Writing about motherhood is a tricky thing. How to balance the weight of one’s personal experiences as a mother, and yet not come off as a know-it-all? How does one impart advice to those following after you, with similar problems, and not seem arrogant?
The answer lies in this book. It’s a series of personal essays by a variety of writers on many of the aspects of motherhood/wifehood: divorce, step-parenting, parenting children other than your own, children with disabilities, growing up, teenagers, mistakes, growth, tears, and joy. It’s all faith-based, but not necessarily overtly religious; these are women who are trying to make sense of their lives, of the cards that Fate and God and Choice have dealt them. While reading, it’s easy to relate to and feel for each individual author, learning and growing with her on her journey. Sure, it can be trite: here are the “lessons learned” while experiencing this inevitable trial that came with being a mother. But it never feels saccharine.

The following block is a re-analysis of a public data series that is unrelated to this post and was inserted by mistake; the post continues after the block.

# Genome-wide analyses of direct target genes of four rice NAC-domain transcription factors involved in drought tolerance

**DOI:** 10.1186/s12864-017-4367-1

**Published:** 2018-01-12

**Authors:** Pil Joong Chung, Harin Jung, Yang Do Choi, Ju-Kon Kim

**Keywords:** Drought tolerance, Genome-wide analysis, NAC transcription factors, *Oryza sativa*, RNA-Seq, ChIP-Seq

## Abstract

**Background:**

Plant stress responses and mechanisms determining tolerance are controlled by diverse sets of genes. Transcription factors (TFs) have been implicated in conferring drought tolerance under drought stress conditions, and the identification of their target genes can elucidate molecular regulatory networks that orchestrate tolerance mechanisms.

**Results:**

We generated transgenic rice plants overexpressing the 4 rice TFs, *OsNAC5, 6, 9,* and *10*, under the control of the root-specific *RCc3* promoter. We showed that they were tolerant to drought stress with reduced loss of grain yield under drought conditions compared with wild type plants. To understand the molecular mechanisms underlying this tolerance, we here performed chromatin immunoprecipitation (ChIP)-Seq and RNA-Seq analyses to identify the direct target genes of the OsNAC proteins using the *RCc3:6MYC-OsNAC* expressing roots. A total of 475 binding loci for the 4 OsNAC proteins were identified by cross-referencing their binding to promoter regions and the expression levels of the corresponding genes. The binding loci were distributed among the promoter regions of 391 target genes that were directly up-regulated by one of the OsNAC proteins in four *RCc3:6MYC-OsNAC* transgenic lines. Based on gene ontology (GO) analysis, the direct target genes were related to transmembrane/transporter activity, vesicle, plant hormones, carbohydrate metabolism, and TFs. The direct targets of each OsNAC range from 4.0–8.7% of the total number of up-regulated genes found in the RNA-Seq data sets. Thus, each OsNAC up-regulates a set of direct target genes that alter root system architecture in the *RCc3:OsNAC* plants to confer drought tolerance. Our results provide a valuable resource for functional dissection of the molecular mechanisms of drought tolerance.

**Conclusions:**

While I found merit in all the essays, the ones that resonated with me most were the ones on teenagers. They were equal parts terrifying (really? That much running around and sleep deprivation?) and encouraging (they do turn out okay in the end, right?); they gave me hope and courage that not only am I not in this alone, but also that I can do it. I can raise four girls, and end up sane in the end.
I’m not exactly a reflective person; I tend to take life as it comes and let it flow over me. But this book helped me stop and think and enjoy, for a moment, a little bit of what being a mother and wife can possibly be. Which is exactly why there are books like these.